The device has a continuous read mode where you request the value of one register then hold the CS low and it cycles through all of the registers, transmitting the value of each one, for as long as you hold CS low. I'd like to use this mode to continuously sample the values sampled by the ADC. Ideally, the transfer should be done with DMA, to keep CPU utilisation low. The SPI peripheral could write data into a circular buffer with the userspace either keeping up or losing data if it doesn't read it in time, or it could perhaps write to two buffers, passing each to a userspace program when it fills up and then switching to the other.

What are my options for implementing this? It looks like the spidev driver doesn't support reading more than about 4k from the device (1 page?). Also the documentation here points to a github project for DMA-enabled SPI, but the wiki for that project says that mainline now has DMA capability, with a link to the driver source code. So how do we do SPI DMA with the spidev driver on modern kernels?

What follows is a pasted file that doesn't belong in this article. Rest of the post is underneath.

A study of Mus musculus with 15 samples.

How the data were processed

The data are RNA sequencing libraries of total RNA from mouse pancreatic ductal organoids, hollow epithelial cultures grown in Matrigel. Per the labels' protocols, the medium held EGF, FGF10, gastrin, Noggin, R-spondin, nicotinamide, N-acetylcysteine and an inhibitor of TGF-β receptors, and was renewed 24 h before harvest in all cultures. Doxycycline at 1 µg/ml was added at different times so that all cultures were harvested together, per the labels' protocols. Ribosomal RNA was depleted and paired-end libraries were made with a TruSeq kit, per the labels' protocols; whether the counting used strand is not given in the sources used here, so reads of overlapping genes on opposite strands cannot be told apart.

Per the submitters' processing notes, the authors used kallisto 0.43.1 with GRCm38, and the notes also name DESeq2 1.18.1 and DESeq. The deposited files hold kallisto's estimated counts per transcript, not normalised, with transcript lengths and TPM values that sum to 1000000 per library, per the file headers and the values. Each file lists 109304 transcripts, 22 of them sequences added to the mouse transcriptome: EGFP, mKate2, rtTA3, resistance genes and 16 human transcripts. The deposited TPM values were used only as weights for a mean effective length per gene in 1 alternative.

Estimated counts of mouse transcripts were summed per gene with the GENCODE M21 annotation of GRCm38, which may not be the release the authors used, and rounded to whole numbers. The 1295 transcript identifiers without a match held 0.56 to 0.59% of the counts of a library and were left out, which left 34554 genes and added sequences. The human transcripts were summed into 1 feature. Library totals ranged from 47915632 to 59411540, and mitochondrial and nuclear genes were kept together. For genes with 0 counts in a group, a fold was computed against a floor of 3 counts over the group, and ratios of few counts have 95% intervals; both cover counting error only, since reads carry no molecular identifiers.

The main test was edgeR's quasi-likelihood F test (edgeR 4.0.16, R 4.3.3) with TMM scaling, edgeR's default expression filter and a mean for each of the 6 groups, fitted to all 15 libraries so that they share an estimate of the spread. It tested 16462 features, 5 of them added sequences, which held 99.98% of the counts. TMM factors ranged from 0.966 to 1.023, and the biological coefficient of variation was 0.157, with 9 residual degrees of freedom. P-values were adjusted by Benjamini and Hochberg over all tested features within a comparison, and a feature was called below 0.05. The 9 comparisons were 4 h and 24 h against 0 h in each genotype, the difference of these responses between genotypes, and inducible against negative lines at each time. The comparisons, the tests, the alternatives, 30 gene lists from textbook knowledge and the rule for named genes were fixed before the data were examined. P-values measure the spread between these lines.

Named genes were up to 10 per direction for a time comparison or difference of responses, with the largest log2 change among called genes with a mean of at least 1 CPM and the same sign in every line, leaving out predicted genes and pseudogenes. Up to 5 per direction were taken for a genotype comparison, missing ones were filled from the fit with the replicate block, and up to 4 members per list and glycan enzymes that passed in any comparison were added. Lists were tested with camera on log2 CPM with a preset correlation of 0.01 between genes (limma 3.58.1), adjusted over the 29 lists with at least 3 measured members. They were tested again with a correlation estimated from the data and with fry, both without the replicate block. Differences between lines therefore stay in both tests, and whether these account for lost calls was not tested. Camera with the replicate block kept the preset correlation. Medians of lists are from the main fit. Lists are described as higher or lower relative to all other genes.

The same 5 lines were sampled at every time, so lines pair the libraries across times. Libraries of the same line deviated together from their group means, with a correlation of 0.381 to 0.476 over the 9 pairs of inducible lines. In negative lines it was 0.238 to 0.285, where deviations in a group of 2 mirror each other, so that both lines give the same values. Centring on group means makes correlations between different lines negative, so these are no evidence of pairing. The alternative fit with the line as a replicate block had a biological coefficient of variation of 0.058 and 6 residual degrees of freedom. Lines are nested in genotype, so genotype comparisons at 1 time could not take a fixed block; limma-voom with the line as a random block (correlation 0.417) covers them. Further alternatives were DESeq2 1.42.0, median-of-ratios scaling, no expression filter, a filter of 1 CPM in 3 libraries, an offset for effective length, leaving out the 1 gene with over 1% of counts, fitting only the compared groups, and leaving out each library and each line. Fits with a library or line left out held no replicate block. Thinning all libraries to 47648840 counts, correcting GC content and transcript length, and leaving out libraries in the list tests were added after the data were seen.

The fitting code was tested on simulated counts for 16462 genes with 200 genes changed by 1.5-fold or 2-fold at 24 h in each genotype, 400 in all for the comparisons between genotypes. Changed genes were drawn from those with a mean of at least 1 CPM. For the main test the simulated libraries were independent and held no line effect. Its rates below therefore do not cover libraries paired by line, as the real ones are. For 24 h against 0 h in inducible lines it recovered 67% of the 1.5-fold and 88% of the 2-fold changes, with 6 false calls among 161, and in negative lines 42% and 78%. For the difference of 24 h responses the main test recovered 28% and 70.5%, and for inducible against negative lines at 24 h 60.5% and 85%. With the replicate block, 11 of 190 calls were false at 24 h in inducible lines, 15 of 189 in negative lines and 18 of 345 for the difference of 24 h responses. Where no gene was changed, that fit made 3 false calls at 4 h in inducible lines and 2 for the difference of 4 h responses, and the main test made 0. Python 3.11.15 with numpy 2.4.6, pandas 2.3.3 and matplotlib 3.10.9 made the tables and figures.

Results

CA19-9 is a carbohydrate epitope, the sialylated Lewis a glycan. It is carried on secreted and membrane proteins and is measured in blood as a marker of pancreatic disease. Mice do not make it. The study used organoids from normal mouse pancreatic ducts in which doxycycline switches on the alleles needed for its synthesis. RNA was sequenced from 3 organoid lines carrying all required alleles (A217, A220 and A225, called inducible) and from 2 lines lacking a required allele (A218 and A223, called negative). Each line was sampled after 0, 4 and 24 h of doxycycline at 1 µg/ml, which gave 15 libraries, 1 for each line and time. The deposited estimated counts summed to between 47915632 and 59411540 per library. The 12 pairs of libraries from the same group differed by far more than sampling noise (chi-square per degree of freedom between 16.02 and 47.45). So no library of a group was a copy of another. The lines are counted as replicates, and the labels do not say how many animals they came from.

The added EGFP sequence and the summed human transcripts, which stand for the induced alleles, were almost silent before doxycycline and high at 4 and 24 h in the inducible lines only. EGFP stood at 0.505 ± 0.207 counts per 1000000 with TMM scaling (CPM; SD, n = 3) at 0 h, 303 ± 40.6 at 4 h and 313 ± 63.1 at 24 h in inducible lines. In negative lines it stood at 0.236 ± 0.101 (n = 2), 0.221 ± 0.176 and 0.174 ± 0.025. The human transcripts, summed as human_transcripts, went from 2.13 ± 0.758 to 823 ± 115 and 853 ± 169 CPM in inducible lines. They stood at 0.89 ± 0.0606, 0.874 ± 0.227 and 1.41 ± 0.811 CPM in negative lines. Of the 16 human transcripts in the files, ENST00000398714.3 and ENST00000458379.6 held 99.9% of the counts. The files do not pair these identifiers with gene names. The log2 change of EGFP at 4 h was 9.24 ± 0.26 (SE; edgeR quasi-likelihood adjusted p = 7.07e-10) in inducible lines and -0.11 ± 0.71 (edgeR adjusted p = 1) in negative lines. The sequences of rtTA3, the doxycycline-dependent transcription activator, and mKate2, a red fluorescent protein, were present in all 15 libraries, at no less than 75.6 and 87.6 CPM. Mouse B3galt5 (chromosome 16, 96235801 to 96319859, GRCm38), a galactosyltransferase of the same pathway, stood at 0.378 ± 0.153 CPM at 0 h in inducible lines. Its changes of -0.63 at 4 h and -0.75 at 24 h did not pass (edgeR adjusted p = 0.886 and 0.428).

Assuming that I can't use the spidev driver, I guess I'm stuck using the bcm2835 library to manipulate the peripheral directly. I don't know a lot about this - not even if it's going to be in user space or kernel space.

Can someone give (or point me to) some advice please?


I am afraid I know of no documentation other than the driver source code (available on github).

I am fairly sure it does not support buffering for continuous reads.

I'm sorry this is so vague but I have never looked at this in detail.

If the bits per second transferred is less than 500kbps you might be able to set up your own cyclic buffer (using a technique used to read multiple ADCs simultaneously).